Seven Volunteer Vacations for an Alternative Spring Break

Texas A&M students volunteerings

Want a more fulfilling experience than binge drinking on the beach can offer? Try a volunteer vacation over spring break. Photo: Texas A&M

If the idea of drinking and dancing on the beach all day for a solid week isn’t quite your ideal spring break, there are plenty of other options out there. And even if that is your ideal spring break, you still might feel like it’s more important to get out and do some good in the world. If so, these volunteer spring break options might be a good game plan this year.

Besides giving back and helping someone in need, volunteering is also a great way to build your resume or even give you an edge in applying for a scholarship. Plus, depending on your experience, you may end up learning new skills, traveling to a different area, and making new friends.

Keep in mind, though, that a volunteer trip won’t necessarily cost less than traveling to a traditional spring break destination. Each opportunity is different. Many will still require you to pay for your transportation there. Some might offer a perk, such as free meals or cheaper or free lodging, but it’s always a good idea to understand the costs before signing up.

Here are some organizations and volunteer trips to check out:

United Way: This year’s projects include advocating women’s issues in Washington, D.C., helping rebuild homes in El Paso, Texas, serving the coastal community of Biloxi, Miss., and building gardens in Williamson County, Tenn., along with helping educate people on how to cook with fresh foods and herbs. Visit the United Way website for more information.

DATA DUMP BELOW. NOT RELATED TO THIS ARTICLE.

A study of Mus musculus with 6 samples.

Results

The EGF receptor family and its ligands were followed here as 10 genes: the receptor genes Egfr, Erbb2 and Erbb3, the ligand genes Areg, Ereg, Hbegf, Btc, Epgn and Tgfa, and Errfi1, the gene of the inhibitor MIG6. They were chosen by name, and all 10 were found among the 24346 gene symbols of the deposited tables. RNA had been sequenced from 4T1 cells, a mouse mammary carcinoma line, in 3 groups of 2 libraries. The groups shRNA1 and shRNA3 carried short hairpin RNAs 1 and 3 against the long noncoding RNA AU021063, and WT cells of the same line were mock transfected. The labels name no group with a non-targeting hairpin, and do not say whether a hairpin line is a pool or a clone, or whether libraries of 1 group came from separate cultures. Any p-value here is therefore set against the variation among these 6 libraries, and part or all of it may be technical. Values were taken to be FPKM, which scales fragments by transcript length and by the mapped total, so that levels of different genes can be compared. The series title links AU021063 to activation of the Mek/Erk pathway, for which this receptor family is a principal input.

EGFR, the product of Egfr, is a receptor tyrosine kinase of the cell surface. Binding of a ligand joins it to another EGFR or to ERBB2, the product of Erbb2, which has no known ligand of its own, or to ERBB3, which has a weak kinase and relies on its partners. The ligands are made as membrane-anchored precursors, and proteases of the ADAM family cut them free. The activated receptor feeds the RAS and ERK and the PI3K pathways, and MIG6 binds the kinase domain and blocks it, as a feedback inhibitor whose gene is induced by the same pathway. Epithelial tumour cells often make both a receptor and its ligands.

Habitat for Humanity: This nonprofit organization builds and repairs homes using volunteer labor and donations. Check to see if your college has a campus chapter and, if not, you can start one. Once you’re affiliated with a chapter, you can choose from various sites that are in need of construction. Learn more here.

American Hiking Society: Crews of six to 15, along with a leader, spend a week somewhere in the U.S. repairing or building trails. You can search by a state or lodging option, such as cabin or tent. It’ll indicate if the work level is easy, moderate, difficult, or very strenuous so you can see what you’re up for. This year’s trip to Virginia’s Blue Ridge Center for Environmental Stewardship will have volunteers re-vegetating land, repairing bridges, carrying logs and stones, and possibly helping out on an organic farm. Check out the volunteer vacations.

Earth Watch: This organization’s mission is to engage people in scientific research to help make changes across the globe. Volunteer adventures include exploring climate change in the Borneo Rainforest in Malaysia, archaeology in Mongolia, helping African wildlife in Malawi, and helping study the wildlife along the Amazon River in Peru, to name a few. Check out the opportunities.

Global Citizens: Travel to indigenous regions to help build up an area. Depending on the project, work can include recording elders’ stories for cultural preservation, teaching English in a classroom setting, cleaning up a beach, gardening, and even constructing schools, farms, and clinics. You can opt for a scheduled trip, or if you have a group of five friends who want to come along, you can customize your own trip. Learn more here.

Sierra Club: Ideal for the outdoors lover, you’ll find 90 service trips offered throughout the year that include tasks like maintaining trails, restoring wilderness areas, removing non-native plants, and cleaning up campsites. Check out their volunteer vacations.

Design Your Own Volunteer Staycation: If you don’t exactly have the funds for one of these volunteer trips, you can turn your spring break into a volunteer adventure in your own town. Check out VolunteerMatch.org to learn about volunteering opportunities near you. It’s a safe assumption there are people in your area who could use a helping hand, too.